You know it, I know it, we all know it: Waiting in line is so 2019.
COVID has changed a lot of things. Not just about how we work, how we travel, and how we go to the grocery store - but also about how we expect to interact with other humans in any setting. Going out in public is suddenly full of potential pitfalls, because what used to be normal - a handshake, a hug - is now a point of uncertainty.
Plus, there is the danger of accidentally violating someone else’s comfort levels without even meaning to. The other day, while standing in line to board a plane, the person in front of me turned and said, “Excuse me, do you mind taking a few steps back?” I was already several steps back, dear reader! But I know that everyone is still figuring it all out. So, I hurriedly apologized to the plane stranger, and backed up even more.
Which brings me back to my original point: Waiting in line is so 2019! Actually, let’s be honest - even in 2019, before a global pandemic, no one was particularly wild about waiting in line. Need proof of that? Here are some fun facts you should know. (Spoiler: They’re all about how nobody likes waiting in line!)
70% of queuers would be less likely to return to an organization if they had experienced long wait times.
In a global pandemic, when plane strangers are asking you to please back up a few steps (again, plane stranger, my apologies), and with the Delta variant making it clear that COVID isn’t going away anytime soon - it’s time we all came together as a planet and agreed: Lines are dumb.
And that is why virtual queues are the direction in which we need to go. (What’s a virtual queue, you ask? We’ve got a blog on that.)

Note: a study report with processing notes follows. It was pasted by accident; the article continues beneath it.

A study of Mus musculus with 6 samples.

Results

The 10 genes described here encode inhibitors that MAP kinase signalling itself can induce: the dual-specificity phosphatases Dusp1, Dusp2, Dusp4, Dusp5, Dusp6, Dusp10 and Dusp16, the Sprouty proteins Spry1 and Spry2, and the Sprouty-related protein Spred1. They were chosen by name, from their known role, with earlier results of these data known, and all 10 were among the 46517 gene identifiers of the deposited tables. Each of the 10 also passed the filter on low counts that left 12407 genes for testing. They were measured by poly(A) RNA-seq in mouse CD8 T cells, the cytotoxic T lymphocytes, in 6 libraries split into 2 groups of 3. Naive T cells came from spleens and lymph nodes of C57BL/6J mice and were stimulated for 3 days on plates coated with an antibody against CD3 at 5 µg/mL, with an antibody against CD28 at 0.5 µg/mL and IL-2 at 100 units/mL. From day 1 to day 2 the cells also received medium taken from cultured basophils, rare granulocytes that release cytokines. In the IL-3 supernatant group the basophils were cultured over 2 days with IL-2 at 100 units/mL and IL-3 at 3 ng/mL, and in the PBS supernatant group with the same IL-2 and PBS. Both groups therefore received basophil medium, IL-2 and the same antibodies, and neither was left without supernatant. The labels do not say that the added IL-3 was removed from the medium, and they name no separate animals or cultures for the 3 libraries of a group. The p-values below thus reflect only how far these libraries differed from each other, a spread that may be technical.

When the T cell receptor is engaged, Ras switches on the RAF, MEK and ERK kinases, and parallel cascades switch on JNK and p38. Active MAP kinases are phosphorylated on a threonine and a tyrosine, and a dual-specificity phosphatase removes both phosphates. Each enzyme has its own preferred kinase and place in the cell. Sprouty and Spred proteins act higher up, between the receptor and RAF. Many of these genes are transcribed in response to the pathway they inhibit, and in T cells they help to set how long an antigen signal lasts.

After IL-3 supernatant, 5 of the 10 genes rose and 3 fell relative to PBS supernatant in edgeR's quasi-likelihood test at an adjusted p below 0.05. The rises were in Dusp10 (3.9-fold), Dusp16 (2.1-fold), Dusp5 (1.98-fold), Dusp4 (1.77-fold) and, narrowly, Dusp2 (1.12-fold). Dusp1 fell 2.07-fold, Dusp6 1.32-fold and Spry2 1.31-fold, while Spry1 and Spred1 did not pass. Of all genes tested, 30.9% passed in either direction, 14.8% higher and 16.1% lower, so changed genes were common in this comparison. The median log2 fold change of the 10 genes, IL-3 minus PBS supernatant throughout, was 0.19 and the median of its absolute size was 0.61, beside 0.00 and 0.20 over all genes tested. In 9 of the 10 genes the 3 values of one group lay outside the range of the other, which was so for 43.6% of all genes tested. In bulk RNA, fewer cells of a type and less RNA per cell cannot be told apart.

Virtual queues are not new, but their applications have been fairly targeted up to this point. You might be familiar with them from going in person to telecommunications stores, waiting to be served at the post office, or watching the board for your number at the department of motor vehicles. But the concept of being in line without actually physically waiting in line - actually, a much more modern version of this concept! - can be applied in more than these settings, and is especially appropriate when someone is waiting for personalized 1:1 service.
My favorite example of where virtual queues should be more prevalent is in banks, credit unions, and building societies. My bank offers appointments - something new since COVID! - and that made me a happy customer. Having the option to book an appointment gives me the opportunity to plan my time more effectively - instead of estimating how long a bank visit might take (“Be back in 20 minutes...maybe 40 minutes...could be an hour?”), I know exactly when I am going to arrive and that I will be served immediately. Huge improvement in customer experience.
But though I loved the appointments experience, I also found that, sometimes, I hadn’t had the foresight to make one - usually because I had just decided to pop in while I was out running errands. But when “popping in” is actually more like “standing in line outside” (thanks, Delta variant…), I’m a whole lot less likely to go through with it. Banks, credit unions, and building societies (because the UK hates queuing too), I implore you: Why not enhance this customer experience by transforming a line into a virtual queue?
In other words, instead of having to go inside, tell the person what I need help with - “I got a call about possible fraud,” “I need to ask a question about my mortgage,” “There’s a charge on my card that’s wrong” - etc., and then wait outside in line (with, ahem, subjectively-appropriate space between you and the person behind you or in front of you), a virtual queue would allow me to get a wait time estimate and then regular updates via SMS, so that I can go off and run the rest of my errands. Not only can I accomplish things while “waiting” - I also am more likely to be warm, dry, and safe. (Still not convinced? Maybe you also want to check out this blog about how to reduce queues in banks.)